Flanked by police officers and an array of community ambassadors, and in the shadow of a towering Union Square Christmas Tree, Mayor London Breed and business leaders unveiled a new safety plan meant to prevent the viral retail thefts that ravaged the central shopping district one year ago.
Dubbed the Safe Shopper initiative, the program harkens back to the law enforcement that flooded the area last year after dozens of people broke into Louis Vuitton and other luxury retailers, stealing thousands in merchandise in an incident that spread widely online.
“There are a number of videos that continue to go viral that try to paint a really harsh picture of our city,” said Mayor London Breed. “But I'm here to tell you that things have changed, things are looking up, and I am optimistic and excited about the future.”
The plan calls for boosting the number of uniformed officers posted in the shopping district, in addition to limiting points of entry and closing certain streets to cars. The city also plans to increase patrols in Union Square parking garages by police officers, park rangers and other security personnel.
The initiative also dovetails with a recent push to add another 150 unarmed community ambassadors and retired police officers and expand their footprint around the city. Additional ambassadors will be posted in and around Union Square, particularly on Market Street between Fourth and Fifth Street.
Breed went on to tout the return of shoppers to Union Square and guests to local hotels, describing enhanced powerwashing to keep streets and sidewalks clean and an offer of one hour of free parking in the Union Square garage.
Breed’s cheerleading kicks off a holiday shopping season that is symbolic of a return to normalcy after two years of the pandemic—and a spate of looting last year that embarrassed the city on a national stage.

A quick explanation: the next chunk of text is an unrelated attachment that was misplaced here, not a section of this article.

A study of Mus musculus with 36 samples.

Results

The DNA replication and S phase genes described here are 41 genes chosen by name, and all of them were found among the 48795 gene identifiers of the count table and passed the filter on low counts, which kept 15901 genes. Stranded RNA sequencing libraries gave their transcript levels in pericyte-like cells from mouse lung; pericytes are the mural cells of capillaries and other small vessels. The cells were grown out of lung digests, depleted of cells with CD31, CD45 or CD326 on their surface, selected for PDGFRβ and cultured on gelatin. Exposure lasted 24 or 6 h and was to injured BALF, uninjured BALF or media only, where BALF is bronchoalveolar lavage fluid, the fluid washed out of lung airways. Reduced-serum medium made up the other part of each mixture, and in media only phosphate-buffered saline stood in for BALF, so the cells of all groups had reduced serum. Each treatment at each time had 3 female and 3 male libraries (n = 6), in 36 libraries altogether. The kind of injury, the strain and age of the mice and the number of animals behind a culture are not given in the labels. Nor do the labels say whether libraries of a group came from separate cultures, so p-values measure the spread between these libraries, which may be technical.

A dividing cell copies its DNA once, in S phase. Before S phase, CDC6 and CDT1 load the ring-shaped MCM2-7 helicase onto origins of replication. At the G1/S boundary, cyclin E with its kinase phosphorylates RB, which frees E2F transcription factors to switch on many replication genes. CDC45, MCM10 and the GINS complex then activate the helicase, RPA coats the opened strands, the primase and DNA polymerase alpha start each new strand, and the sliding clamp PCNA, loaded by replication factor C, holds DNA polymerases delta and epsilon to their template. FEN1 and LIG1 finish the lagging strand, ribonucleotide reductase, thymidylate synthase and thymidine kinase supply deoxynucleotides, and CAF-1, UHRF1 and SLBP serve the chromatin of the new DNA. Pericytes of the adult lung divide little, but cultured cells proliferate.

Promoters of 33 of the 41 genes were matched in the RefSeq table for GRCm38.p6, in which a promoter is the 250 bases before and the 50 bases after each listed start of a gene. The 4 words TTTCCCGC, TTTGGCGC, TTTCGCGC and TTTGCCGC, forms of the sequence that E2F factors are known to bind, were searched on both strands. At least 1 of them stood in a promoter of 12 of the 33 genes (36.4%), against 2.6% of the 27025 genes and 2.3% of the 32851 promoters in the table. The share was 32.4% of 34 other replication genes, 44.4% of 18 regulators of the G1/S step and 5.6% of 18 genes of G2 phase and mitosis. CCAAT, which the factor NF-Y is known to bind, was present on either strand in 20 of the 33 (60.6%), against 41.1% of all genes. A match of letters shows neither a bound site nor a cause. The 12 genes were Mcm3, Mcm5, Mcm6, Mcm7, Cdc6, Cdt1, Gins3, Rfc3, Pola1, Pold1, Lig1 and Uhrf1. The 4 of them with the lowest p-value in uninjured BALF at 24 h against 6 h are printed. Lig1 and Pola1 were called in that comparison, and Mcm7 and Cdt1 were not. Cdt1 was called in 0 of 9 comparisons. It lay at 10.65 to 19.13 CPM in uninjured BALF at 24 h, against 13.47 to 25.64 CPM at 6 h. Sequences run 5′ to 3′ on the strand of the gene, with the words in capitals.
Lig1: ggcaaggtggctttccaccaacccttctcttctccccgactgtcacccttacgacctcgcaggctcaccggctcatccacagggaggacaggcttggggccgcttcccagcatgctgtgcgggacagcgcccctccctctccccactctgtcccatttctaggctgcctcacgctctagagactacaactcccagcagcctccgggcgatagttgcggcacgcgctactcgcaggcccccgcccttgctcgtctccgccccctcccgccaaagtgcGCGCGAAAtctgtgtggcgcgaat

Police Chief Bill Scott highlighted the viral thefts as a turning point that tarnished the city’s reputation. As part of the Safe Shopper plan, the police department is quadrupling the four to six uniformed and plainclothes officers assigned to Union Square and surrounding streets. They are using overtime pay approved as part of the city’s budget to do so.
“I could quote statistics all day long, but if you don't come here and feel safe, none of that matters.” Scott said.
Scott laid out some of the department’s progress in combating retail theft, including doubling the number of officers in the organization’s retail crime unit from four to eight and more than 80 retail theft cases where charges are pending or filed. The mobile command center that stood in Union Square last year as a clear sign of the increased law enforcement presence will also remain.
As for how long this heightened security will remain? Scott said that he hopes it’s a permanent fixture.
“The reality is that we have to balance this with what’s happening elsewhere in the city, but we are trying to structure ourselves in a way that this does not go away,” Scott said in an interview.
Mirroring the tough-on-crime language that helped her win election to a full term, District Attorney Brooke Jenkins said that “restoring accountability” for misbehavior is one her main priorities.
“I think for the first time in a long time, we've realized the connection between law enforcement and the District Attorney's Office and our San Francisco economy,” Jenkins said. “We can't allow our businesses to be ravaged and rampant theft to go on and expect them to stay.”
Mousa Mihter, who works as a security guard in Union Square, voiced support for city leaders’ tough talk on accountability. While working in the neighborhood during last year’s holiday season, he said there was a feeling of unease among employees particularly after the thefts.
“During the pandemic, we did not feel safe; everyone was covering their face, and we never knew what people were going to do,” Mihter said.
This year, he said, things are shaping up much better with no problems he’s seen in the lead-up to this holiday shopping season.